Progress against racism truest measure of world conference, UN rights official says
The victims of prejudice have "the most urgent of reasons to look to us to secure a successful outcome which will improve their lives," said UN High Commissioner for Human Rights Mary Robinson in her opening address to the two-week session of the preparatory committee of the World Conference against Racism, Racial Discrimination, Xenophobia and Related Intolerance Conference. The conference is scheduled for 31 August to 7 September in Durban, South Africa.
"I need hardly say that it would send an extremely negative signal if agreement could not be reached on a worthwhile Declaration and Programme of Action," Ms. Robinson said to the committee, which is meeting to finalize its work on the draft Declaration and Programme of Action. "I prefer to look at the positive side: for the international community to mobilize behind a serious document that explains the nature of racism in the modern world, and that sets out the strategies to combat it, would be a major step forward."
Ms. Robinson said that in her meetings with political leaders she found a growing recognition of the urgency and importance of the issues on the agenda and the need to have a successful outcome. "The conference has the potential to shape attitudes, not only towards racism, but towards the basic question of how we relate to each other, in a positive and innovative way, at the start of this century," she said.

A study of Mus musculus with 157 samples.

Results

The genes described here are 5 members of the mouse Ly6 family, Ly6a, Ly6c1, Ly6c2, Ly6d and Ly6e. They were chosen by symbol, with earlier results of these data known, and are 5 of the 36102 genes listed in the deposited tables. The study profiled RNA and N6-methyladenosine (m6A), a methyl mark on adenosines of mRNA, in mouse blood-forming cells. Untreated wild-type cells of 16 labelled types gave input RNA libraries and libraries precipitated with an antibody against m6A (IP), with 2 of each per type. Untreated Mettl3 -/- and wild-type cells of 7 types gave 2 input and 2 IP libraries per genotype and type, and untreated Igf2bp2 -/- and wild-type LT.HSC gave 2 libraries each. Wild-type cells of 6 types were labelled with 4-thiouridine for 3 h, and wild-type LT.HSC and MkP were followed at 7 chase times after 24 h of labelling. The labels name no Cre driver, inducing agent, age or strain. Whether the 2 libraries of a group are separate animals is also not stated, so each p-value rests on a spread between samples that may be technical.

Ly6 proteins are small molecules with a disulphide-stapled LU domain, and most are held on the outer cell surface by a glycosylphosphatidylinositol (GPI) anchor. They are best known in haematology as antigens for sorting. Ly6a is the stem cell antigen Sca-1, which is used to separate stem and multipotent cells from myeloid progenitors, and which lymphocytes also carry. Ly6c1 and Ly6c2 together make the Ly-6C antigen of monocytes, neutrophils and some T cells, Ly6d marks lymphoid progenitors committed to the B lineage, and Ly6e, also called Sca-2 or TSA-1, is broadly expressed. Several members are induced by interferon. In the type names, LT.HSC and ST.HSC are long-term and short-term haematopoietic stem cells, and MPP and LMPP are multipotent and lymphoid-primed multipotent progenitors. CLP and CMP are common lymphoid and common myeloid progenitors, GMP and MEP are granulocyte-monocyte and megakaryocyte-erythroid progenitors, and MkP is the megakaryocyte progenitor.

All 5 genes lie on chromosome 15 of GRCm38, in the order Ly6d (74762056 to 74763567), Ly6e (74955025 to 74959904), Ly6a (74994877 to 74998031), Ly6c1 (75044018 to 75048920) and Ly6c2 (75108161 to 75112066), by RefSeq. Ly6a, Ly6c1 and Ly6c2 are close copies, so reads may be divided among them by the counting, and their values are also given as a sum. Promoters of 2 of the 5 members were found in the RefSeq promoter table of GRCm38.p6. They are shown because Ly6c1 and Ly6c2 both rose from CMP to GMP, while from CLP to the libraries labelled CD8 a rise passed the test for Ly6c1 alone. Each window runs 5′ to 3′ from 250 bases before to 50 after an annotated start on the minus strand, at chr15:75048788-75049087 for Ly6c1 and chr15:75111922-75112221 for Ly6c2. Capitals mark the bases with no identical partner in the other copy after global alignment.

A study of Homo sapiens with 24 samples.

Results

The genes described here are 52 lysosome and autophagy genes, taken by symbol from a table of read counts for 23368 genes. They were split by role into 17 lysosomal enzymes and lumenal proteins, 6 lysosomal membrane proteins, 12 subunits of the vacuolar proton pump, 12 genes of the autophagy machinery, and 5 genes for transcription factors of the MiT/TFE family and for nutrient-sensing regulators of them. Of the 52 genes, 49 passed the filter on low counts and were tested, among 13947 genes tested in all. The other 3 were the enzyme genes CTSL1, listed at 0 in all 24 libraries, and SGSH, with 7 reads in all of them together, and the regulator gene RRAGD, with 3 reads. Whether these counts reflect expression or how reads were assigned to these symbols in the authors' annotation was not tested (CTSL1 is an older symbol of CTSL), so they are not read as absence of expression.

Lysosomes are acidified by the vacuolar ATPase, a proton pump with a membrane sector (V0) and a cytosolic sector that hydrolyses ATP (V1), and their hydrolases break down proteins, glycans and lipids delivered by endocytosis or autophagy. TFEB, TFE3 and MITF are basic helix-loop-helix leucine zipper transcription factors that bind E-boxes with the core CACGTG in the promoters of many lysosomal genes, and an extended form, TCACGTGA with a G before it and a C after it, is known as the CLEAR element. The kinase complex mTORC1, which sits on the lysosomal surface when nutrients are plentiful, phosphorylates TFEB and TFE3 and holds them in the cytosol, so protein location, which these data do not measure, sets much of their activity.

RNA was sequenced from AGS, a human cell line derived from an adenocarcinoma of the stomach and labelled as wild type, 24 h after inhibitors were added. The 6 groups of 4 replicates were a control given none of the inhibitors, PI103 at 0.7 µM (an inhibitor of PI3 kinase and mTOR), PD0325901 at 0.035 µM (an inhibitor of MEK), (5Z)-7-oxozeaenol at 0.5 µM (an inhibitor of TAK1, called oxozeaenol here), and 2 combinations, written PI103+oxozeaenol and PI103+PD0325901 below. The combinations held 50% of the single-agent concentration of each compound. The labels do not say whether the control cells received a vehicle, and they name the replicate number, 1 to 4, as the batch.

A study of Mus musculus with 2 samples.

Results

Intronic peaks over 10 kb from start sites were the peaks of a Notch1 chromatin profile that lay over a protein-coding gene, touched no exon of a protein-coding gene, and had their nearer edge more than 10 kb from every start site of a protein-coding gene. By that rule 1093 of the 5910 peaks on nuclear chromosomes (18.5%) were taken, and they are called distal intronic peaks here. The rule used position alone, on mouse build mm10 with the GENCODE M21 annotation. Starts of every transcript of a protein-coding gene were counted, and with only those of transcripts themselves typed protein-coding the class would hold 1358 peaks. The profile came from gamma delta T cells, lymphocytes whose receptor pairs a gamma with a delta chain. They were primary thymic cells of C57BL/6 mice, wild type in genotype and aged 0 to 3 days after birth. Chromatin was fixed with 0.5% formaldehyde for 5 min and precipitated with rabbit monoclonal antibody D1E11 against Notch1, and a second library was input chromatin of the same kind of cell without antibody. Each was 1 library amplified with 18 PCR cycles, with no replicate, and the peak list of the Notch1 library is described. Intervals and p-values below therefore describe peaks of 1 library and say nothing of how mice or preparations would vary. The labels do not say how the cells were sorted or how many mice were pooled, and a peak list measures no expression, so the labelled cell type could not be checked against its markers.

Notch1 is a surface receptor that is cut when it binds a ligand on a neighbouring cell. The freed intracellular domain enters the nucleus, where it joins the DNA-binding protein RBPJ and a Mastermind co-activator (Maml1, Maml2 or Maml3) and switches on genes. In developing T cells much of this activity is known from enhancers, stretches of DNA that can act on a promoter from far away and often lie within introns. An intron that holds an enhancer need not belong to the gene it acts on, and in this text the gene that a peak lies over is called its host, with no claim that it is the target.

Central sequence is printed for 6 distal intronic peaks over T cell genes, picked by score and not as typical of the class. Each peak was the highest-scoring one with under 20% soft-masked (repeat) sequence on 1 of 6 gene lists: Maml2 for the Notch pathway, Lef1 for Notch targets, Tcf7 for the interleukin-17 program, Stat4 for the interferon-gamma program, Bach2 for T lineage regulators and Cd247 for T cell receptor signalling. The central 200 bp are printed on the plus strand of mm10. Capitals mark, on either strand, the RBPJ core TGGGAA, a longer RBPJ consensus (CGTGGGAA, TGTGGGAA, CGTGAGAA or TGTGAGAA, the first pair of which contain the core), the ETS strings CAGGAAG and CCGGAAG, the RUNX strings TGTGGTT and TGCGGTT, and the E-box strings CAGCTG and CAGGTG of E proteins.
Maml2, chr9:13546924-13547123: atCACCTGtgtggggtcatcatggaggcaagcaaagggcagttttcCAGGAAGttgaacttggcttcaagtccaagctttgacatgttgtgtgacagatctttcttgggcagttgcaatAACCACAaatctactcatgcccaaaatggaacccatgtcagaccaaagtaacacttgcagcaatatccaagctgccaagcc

In her remarks, Ms. Robinson urged countries not to dwell on past wrongs such as the effects of mass slavery and the negative impact they have had, or the conference might lapse into recriminations. However, the world must come to terms with the past in order to move forward, she said. "Finding ways of addressing the past will allow us to focus on the daunting challenge of addressing racism in all its contemporary forms and spelling out a blueprint for the future."
The High Commissioner also noted language in the draft document that equated Zionism with racism and warned that reopening the issue would put the success of the conference at risk. "The United Nations has already dealt with this issue at great length," she said. "The resolution was repealed a decade ago."